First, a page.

Date of Lecture: Fall 1991 (exact date not known)
Denys Arcand is a director and screenwriter born in Deschambault, Quebec. He produced his first film, the short Seul ou Avec d’Autres (1962), while at the University of Montreal. After graduation, he began to work for the National Film Board of Canada. After directing several features and documentaries, Arcand came to international attention with his The Decline of the American Empire (1986). The film chronicled a group of Quebecois intellectuals who frankly discuss issues of sexuality, success, intimacy and aging. A hit on the festival circuit and with critics and filmgoers in the United States, the film won nine Genies, the “Fipresci” prize at Cannes Film Festival and an Oscar nomination for best foreign language film.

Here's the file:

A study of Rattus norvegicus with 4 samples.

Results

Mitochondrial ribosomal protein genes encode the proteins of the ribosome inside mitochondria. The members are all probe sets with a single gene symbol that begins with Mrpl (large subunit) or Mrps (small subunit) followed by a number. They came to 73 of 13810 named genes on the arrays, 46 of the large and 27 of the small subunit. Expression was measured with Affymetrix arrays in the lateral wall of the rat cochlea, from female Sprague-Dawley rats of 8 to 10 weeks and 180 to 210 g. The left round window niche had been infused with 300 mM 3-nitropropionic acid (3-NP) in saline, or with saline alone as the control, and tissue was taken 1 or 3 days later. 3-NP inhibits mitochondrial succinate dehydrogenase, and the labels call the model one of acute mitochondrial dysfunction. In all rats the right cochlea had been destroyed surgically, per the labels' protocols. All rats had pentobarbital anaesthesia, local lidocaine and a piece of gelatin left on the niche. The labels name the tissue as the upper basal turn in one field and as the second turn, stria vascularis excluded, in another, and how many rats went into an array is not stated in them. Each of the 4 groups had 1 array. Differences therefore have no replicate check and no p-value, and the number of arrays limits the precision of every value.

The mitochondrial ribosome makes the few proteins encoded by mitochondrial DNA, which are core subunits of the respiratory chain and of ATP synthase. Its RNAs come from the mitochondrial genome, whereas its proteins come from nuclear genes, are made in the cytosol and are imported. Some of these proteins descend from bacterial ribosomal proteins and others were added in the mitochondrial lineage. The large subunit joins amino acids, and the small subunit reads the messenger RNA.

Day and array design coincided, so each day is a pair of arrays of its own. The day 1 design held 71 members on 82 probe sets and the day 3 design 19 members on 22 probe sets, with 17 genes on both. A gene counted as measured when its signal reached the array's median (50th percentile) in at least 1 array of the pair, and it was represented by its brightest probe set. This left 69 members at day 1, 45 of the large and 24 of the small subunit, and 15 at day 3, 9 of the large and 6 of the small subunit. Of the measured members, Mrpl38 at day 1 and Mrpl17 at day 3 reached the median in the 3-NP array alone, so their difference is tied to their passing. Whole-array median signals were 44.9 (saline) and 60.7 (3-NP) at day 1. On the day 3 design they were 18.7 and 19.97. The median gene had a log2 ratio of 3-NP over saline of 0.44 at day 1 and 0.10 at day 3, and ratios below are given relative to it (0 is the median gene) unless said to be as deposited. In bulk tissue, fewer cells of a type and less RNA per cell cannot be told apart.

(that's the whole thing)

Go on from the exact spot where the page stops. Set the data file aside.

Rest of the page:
Arcand’s following film, Jesus of Montreal (1989) was inspired by an actor who auditioned for The Decline of the American Empire while portraying Jesus in a passion play (set on the slopes of Mont Royal) at night. The resulting film is a contemporary allegory that sets the institution of the Catholic Church against the original teachings of Christ. Jesus of Montreal won 12 Genie Awards, a Best Foreign Film Academy Award nomination, and the International Critics Award at the Toronto International Film Festival.
Love and Human Remains (1993), Arcand’s first English language film, is a dark comedy that examines a group of twenty-somethings as they search for love and meaning in the ’90s. Joyeux Calvaire (1996) further chronicles the drives and motivations of contemporary youth, while Arcand’s latest film Stardom (2000) stands as an ironic indictment of the fickle mechanisms of fame.
Image Courtesy MAX Films International Inc.